Marchers celebrate Good Friday

FOLLOWING IN THE FOOTSTEPS OF JESUS

April 11, 1993|By Lisa Respers | Lisa Respers,Contributing Writer

Despite the cold, gray day, dozens of people turned out in Westminster on Good Friday to follow Jesus' directive to "Take up your cross and follow me."

A worship procession based on the Via Dolorosa, or Way of Sorrows, the path through Jerusalem that tradition says Jesus walked on his way to be crucified -- wound from Westminster United Church of the Brethren to Westminster United Methodist Church.

Participants stopped periodically to observe each "station of the cross" and for meditation. Those who wished helped carry a large cross. At each stop, bearers rotated so everyone could participate.

"This is not just a re-enactment, but a contemplation of human suffering," said the Rev. Keith Hardy, the pastor of Trinity Lutheran Church.

Mr. Hardy helped to organize the event, along with the Rev. Henry Schwarzmann of Deer Park United Methodist Church.

"We are doing this not just to remember the suffering of Jesus," Mr. Hardy told the crowd, "but to remember the suffering of the people in our community and to motivate ourselves."

Sponsored by the Westminster Ministerial Association, the walk has been an annual event for five years and brings together members from various churches and communities.

On Friday, the crowd walked and sang hymns. At each stop, a minister or lay person read prepared statements and meditations that intertwined the responsibilities of a Christian with the sacrifice of Christ. The crowd read responses.

"It raises consciousness," said the Rev. Scott Duffey, a pastor at the Church of the Brethren.

"It reminds us of the Christian importance of Easter," Mr. Duffey said. "It was wonderful to see so many children out today and carrying the cross."

Grace Weaverling, a 6-year-old first-grader at Westminster Elementary School, came with her mother, Susanne. Grace looked forward to walking, but had one worry.

"I won't like one thing, I'm cold," Grace said. Nevertheless, she was there because "today is the day he was crucified."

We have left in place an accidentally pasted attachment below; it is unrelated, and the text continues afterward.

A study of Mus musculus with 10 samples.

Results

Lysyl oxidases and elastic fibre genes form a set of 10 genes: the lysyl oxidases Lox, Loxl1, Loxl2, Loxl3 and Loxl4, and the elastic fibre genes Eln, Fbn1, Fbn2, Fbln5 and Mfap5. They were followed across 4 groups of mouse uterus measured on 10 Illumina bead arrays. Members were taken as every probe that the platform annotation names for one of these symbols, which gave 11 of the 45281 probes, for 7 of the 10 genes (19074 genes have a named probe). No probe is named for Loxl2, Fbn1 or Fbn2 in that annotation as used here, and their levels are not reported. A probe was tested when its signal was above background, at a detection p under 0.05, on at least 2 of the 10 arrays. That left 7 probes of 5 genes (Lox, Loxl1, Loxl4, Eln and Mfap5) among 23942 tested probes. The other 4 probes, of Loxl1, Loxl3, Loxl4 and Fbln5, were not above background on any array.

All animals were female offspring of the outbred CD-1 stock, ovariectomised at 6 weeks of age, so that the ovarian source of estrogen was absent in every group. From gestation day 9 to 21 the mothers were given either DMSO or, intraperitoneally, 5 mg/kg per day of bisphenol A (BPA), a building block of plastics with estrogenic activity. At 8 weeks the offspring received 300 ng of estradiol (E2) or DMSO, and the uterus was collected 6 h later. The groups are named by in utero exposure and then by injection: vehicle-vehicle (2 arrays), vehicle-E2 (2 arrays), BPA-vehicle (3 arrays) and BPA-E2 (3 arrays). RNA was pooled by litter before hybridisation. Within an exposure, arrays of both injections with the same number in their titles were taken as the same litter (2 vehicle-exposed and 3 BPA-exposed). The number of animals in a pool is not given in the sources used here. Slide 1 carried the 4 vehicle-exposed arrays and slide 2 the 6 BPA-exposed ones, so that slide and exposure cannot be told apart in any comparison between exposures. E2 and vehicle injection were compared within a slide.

The Rev. Ronald Fisher, the rector at the Church of the Ascension in Westminster, came with his wife, Becky, and their two sons, Erik, 12, and Andrew, 9.

"I've been doing this for about five years," said Mr. Fisher. "I like the meditations and the fact that the whole community comes together."

Andrew walked and held high a separate cross he had made.

"I feel like I need to, because in this march I feel like I can really praise God and get a feel of what I really need to do for him," he said.

JoAnne Krieder, a member of Mr. Fisher's church, came with herfamily.

"This is my first walk. I used to own that blue store over there [Forget-Me-Not on Main Street], and I would watch every year as people would walk past," Mrs. Krieder said.

"Most of my family is here. We felt that we should do this as a family."

Mrs. Krieder paused to embrace John Holmes and his wife as they joined the march.

"This Friday walk has broken down some of the barriers here in town," said Dr. Holmes, the director of government affairs for the Association of Christian Schools International and a member of the New Life Foursquare Gospel Church.

"You see people going to this service, walking this walk and carrying the cross, and then you see them in the supermarket, and you share with them a little bit of Jesus and how they are doing," he said.

Every year, the procession starts at the church that had been the last stop on the march the previous year. At the end of the march, there is a Good Friday worship service.